But Israel insisted it would prevent the three cargo ships and five passenger boats from reaching the Islamist-run Gaza Strip, calling the blockade-busting bid a "cheap political stunt."
The foreign ministry said it summoned the ambassadors of Turkey, Greece, Cyprus, Sweden and Ireland -- the countries from which the ships set sail -- and warned them Israel "issued warrants that prohibit the entrance of the vessels to Gaza."
The flotilla "is about to break international law," the ministry's Director General Yossi Gal told the diplomats, adding the coastal enclave "is under the control of a terrorist organisation, which does not prioritise the well-being of the citizens of Gaza."
He also said Israel "declares the flotilla an absolute provocation" and that there is no shortage of humanitarian aid in Gaza.
Israel has vowed to divert the ships to the southern Israeli port of Ashdod, where it will detain the activists before deporting them.
Part of the port has been cordoned off and prepared to deal with the activists. Chemical toilets have been set up as well as large, air-conditioned tents housing immigration booths and areas for people to be searched.
Containers blocked off what appeared to be a holding area, which was covered by tarpaulins to provide shade.
Gal suggested the organisers should voluntarily head to Ashdod to unload the supplies so Israel or humanitarian agencies can deliver them to Gaza overland.
Flotilla organisers rejected the offer.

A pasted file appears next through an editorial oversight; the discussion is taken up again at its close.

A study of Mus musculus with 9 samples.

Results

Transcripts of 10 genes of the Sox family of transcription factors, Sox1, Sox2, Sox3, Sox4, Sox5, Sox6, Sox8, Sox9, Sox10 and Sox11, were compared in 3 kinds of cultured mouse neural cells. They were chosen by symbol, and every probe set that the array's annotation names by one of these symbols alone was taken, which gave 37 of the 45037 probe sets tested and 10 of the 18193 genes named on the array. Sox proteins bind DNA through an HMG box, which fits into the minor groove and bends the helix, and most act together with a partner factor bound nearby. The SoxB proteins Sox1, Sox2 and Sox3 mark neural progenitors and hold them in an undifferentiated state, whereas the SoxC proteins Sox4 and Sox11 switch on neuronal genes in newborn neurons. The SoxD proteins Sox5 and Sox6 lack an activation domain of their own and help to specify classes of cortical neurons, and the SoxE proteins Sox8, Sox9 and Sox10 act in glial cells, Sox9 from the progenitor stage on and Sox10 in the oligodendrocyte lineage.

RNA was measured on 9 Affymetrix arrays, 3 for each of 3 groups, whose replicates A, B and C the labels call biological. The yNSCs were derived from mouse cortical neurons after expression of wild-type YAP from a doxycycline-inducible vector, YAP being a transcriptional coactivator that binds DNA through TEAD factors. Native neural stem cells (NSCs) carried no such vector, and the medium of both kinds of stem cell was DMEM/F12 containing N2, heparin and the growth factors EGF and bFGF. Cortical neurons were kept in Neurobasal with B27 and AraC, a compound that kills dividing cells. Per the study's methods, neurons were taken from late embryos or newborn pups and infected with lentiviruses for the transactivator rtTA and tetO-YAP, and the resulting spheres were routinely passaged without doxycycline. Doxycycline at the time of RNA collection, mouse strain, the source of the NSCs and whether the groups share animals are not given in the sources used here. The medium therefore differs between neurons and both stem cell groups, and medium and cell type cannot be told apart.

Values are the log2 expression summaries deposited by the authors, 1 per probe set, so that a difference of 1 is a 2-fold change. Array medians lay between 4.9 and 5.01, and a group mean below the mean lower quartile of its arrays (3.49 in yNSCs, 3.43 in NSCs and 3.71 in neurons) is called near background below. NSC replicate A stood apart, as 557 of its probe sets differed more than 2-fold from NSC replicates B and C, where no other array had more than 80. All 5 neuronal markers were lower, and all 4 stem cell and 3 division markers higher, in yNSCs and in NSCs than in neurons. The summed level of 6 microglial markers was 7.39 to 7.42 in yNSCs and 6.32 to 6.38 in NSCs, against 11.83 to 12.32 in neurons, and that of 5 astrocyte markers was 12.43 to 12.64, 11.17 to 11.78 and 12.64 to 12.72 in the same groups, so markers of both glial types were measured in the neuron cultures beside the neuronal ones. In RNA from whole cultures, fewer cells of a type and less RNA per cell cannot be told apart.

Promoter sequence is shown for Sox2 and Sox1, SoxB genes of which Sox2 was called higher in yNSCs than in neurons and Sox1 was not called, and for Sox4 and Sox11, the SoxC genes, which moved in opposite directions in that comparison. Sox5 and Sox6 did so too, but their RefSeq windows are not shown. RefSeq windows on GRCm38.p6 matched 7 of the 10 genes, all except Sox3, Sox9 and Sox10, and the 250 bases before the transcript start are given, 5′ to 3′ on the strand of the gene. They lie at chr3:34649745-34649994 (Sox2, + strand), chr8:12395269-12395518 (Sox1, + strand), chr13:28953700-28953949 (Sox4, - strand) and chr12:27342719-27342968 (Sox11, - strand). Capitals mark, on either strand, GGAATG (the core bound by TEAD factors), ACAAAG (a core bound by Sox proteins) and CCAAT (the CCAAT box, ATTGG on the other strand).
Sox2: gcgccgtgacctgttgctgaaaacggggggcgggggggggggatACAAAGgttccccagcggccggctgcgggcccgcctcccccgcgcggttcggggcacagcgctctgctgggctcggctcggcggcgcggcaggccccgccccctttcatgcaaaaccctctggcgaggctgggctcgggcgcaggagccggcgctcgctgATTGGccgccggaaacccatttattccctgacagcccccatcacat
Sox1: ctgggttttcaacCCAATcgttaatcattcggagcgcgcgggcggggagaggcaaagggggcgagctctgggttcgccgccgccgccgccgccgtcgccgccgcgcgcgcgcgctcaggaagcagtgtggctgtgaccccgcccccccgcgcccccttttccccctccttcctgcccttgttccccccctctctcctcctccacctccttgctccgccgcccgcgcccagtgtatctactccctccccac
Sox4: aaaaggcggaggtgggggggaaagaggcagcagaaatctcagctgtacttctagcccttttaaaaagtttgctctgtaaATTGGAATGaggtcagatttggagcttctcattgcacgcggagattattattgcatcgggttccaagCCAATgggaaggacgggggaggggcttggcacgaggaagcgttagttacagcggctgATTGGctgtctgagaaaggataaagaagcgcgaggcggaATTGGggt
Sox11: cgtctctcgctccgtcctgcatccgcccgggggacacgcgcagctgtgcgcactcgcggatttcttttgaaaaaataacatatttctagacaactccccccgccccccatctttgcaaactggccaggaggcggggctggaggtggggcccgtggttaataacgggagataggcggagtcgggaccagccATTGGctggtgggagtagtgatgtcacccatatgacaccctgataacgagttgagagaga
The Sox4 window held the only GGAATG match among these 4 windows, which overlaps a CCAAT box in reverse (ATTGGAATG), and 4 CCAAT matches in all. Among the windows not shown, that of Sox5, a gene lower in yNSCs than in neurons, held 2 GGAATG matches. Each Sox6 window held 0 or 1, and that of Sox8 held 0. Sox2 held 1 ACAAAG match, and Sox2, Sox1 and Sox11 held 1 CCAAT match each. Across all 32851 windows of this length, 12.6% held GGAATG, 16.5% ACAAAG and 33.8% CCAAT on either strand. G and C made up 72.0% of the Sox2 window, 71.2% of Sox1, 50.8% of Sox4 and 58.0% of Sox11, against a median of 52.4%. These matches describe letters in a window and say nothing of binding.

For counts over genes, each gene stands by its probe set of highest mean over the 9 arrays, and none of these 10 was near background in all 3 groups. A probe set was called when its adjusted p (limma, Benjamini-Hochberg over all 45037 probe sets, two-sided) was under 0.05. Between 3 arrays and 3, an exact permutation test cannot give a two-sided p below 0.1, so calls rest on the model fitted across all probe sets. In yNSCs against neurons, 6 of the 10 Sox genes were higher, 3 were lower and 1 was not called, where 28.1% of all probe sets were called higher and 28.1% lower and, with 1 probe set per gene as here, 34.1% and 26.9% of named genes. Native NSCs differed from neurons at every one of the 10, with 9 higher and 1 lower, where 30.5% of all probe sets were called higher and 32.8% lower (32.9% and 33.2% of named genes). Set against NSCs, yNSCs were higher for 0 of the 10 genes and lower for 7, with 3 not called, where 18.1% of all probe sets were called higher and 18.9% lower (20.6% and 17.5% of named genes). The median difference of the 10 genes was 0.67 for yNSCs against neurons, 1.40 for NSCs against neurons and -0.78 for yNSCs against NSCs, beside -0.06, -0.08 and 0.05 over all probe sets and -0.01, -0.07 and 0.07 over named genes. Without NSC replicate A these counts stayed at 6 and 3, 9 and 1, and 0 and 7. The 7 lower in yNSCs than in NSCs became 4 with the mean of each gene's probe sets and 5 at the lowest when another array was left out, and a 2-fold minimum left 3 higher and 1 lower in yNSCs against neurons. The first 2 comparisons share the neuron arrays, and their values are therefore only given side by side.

"We are taking 10,000 tonnes of material that Israel refuses to allow into Gaza," Berlin said, adding the cargo includes water filtration units, pre-fabricated homes and crayons for children.
"This mission is not about delivering humanitarian supplies, it's about breaking Israel's siege on 1.5 million Palestinians," she said.
Irishman Fintan Lane echoed the sentiments.
"We are determined to break Israel's blockade and will not be intimidated," said Lane, one of 750 activists from around the world, including dozens of public officials from European and Arab countries, that organisers say are heading towards Gaza.
"The people of Gaza have a right to access to the outside world and the right to determine their own future," said Lane.
Israel and Egypt have sealed Gaza off to all but basic humanitarian aid since Hamas -- which is blacklisted as a terrorist group by the European Union and the United States -- seized power in June 2007.
Hamas on Thursday said Israel's threats to intercept the flotilla amounted to "Zionist piracy."
"The occupation's threat to prevent the Freedom Flotilla from arriving in the besieged Gaza Strip is Zionist piracy and a violation of international law," senior Hamas leader Ismail Radwan said in a statement.
"The occupation is concerned about these ships... because they grant legitimacy to engagement with the Palestinian government and confirm that the attempts to isolate Hamas have failed," he added.